A Bipolar’s Manic Life


I have Bipolar II which means I have more manic depressive episodes than high or elevated moods. More often, I sleep the whole day because I feel like my energy has been drained but there are also times when I am restless and can not sit still or stay in one place. There are times when I am overly excited or happy and have grandiose plans regarding my life, and life in general. Other times, I shop compulsively. I am sometimes the most pleasant, enjoyable company you will have, and at others I am the most obnoxious, sarcastic bitch in the room. I am prone to suicidal tendencies and hurting myself. More so to feel something than to deliberately inflict pain on my being. I have Bipolar, not insanity.

Many an article both here in the Philippines and abroad have featured suicides due to depression and others wonder how these people could do it. What on earth possessed them to end their life, to give up just like that? As someone who have thought of killing herself on more than one occasion, I may not be able to speak for everyone but this I know to be true: the misery within, the silent plea for help when we don’t even know if we want it or not, and the conflict between losing & finding ourself  are all too great a burden that all we want to do is end it. End the chaos plaguing us, for it is a plague, a never-ending plague that only settles but never leaves.

Sad to say, only a few people with Bipolar get the much needed support and unconditional love from their family and friends. On my end, I am not criticizing any friends – nor family – I have but they do tend to ignore me when I am in my manic depressive mood. Others even have the gall to ask how I am doing when it is obvious how exactly I feel. I guess it’s because they do not know. They do not have the slightest clue of the conflict I am battling every single moment of my life. They have their depressive episodes but that will be gone in a few days or week while mine stays. It is a constant in my life. Except for my husband, I am almost always left alone where the feelings of guilt and worthlessness magnify into a thousandfold.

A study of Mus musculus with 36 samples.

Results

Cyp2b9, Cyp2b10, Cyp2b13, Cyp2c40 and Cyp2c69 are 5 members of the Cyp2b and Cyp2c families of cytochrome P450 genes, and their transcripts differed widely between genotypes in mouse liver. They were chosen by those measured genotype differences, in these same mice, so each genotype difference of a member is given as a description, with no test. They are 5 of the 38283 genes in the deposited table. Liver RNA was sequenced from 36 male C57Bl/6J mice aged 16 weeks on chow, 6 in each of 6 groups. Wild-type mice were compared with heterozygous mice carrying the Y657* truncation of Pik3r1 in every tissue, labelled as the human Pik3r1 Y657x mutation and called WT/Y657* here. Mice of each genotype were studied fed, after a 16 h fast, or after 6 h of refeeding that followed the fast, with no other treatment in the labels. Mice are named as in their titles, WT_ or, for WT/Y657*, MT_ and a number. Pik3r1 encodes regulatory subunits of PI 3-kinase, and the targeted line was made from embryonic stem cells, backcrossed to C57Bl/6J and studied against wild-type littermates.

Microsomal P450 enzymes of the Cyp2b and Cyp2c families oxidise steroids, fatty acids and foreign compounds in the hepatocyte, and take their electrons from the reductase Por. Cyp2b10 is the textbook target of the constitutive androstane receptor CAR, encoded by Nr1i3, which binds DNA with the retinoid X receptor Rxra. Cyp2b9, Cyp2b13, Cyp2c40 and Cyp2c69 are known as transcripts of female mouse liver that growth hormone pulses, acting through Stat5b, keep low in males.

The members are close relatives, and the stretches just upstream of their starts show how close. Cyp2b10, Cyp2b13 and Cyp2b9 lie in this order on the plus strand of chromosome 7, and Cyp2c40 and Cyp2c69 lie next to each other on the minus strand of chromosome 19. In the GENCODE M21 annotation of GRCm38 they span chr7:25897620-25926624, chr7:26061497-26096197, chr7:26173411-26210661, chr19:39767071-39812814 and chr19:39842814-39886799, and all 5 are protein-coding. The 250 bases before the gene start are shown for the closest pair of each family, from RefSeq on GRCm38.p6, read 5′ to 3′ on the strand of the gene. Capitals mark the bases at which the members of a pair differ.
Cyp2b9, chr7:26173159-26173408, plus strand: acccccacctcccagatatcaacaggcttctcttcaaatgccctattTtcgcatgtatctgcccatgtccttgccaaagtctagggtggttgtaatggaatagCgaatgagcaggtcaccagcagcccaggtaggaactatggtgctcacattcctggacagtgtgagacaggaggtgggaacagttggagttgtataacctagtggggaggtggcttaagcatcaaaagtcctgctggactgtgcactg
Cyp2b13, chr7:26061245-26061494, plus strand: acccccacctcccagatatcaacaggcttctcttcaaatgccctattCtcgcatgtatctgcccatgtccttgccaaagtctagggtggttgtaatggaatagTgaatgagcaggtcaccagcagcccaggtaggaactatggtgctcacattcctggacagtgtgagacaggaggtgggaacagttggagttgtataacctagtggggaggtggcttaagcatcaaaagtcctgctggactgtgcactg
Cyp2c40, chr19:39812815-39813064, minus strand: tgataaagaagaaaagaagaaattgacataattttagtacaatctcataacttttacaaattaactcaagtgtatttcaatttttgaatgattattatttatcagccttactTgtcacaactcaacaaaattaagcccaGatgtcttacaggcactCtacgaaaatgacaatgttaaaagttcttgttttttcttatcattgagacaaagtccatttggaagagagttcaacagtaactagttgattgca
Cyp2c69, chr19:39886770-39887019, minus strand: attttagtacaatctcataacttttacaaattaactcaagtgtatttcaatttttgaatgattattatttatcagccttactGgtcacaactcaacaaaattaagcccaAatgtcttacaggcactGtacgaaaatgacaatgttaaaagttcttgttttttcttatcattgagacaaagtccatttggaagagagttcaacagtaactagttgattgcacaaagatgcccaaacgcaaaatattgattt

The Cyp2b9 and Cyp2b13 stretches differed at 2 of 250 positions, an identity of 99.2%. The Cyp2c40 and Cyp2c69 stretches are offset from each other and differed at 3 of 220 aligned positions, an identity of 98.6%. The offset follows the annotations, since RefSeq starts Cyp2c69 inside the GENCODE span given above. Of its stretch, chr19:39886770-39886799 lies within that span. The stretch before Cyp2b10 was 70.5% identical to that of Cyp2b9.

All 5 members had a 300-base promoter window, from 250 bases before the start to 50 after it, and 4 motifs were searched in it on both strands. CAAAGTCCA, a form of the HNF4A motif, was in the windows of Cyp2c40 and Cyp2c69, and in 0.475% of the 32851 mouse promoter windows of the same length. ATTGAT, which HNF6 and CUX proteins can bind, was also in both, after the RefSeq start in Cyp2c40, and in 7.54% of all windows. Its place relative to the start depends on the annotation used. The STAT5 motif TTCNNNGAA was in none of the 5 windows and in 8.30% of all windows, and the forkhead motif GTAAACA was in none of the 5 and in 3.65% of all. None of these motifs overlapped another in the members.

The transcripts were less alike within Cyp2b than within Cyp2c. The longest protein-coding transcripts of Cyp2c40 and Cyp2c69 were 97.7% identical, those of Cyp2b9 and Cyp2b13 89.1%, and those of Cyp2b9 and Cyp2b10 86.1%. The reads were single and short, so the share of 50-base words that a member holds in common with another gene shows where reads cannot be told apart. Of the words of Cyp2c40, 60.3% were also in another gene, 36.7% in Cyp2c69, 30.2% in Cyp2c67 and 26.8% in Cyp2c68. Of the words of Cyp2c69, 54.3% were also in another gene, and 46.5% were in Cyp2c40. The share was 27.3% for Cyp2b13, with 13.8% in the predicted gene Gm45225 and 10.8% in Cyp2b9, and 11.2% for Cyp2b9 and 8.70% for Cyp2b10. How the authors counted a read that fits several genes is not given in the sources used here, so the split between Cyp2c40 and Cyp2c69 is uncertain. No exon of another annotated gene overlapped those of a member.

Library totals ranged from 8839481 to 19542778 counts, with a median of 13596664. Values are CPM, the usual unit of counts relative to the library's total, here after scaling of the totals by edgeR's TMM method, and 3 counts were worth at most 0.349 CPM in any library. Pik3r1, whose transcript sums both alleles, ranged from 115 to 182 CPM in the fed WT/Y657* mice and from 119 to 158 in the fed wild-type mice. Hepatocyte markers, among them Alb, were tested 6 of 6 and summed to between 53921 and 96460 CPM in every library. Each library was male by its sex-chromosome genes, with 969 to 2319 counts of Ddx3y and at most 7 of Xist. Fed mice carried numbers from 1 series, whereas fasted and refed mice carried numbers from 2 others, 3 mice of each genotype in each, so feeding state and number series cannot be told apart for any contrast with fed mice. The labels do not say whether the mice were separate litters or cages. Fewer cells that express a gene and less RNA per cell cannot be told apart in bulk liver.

In a way I am guilty of my Bipolar blossoming. I nurtured it you see. From the throes of slight depressive episodes until the depths of a dark bottomless pit, I have watered it until it thrived. You ask what made me do it? Not because I wanted to be in the lowest hierarchy of humanity where pity is constantly on its feet but because I am a writer.

As much as I have Bipolar, I am self-aware and it did not take me long to realize that I write a whole hell of a lot better when I am in my manic depressive mood. It is in my darkest, most primeval, and volatile state when I become in charge of all my faculties – literary at least. In these moments, nothing can stand between me and my thoughts. I am then compelled – summoned more like it – to put pen to paper where all my thoughts gush out, like a faucet opened on full power. It is when I write to my full satisfaction where my brain and heart literally race and tumble over words. I do not know how many people with Bipolar experience this but it is during these moments that I am in bliss. I feel like I am me again – no, I AM me again. My pathos is also my salvation.

Some people might think it but no one ever wants to be mentally ill. No one. But it is something I, and a hundred or maybe thousands of people, have to deal with everyday. I have it not because I am weak. I have it not because I have a flair for the dramatics. I have it not because I am pessimistic. I have it simply because I do. It is a fact and nothing can ever change that. The agony, the tiring ups and downs of my emotions, and the constant feeling of drowning and emptiness is mine and mine alone. Understanding Bipolar will take time but if people put in a lot of patience coupled with dedication then one day, the stigma that is Bipolar will be broken. Then, people with Bipolar like me will be seen as caring, strong, and thriving members of our community – not as weak, cry babies with whom others always have to be on edge with.

I can see the light. It is not that I, and the others, choose to be in the shadows. It is because I need my family and friends to make that light reachable for me, especially in moments of anguish. Yes I need help, but sometimes, I still wonder if I really do. I need patience and understanding, not scrutiny and judgments. One day, I know it will happen.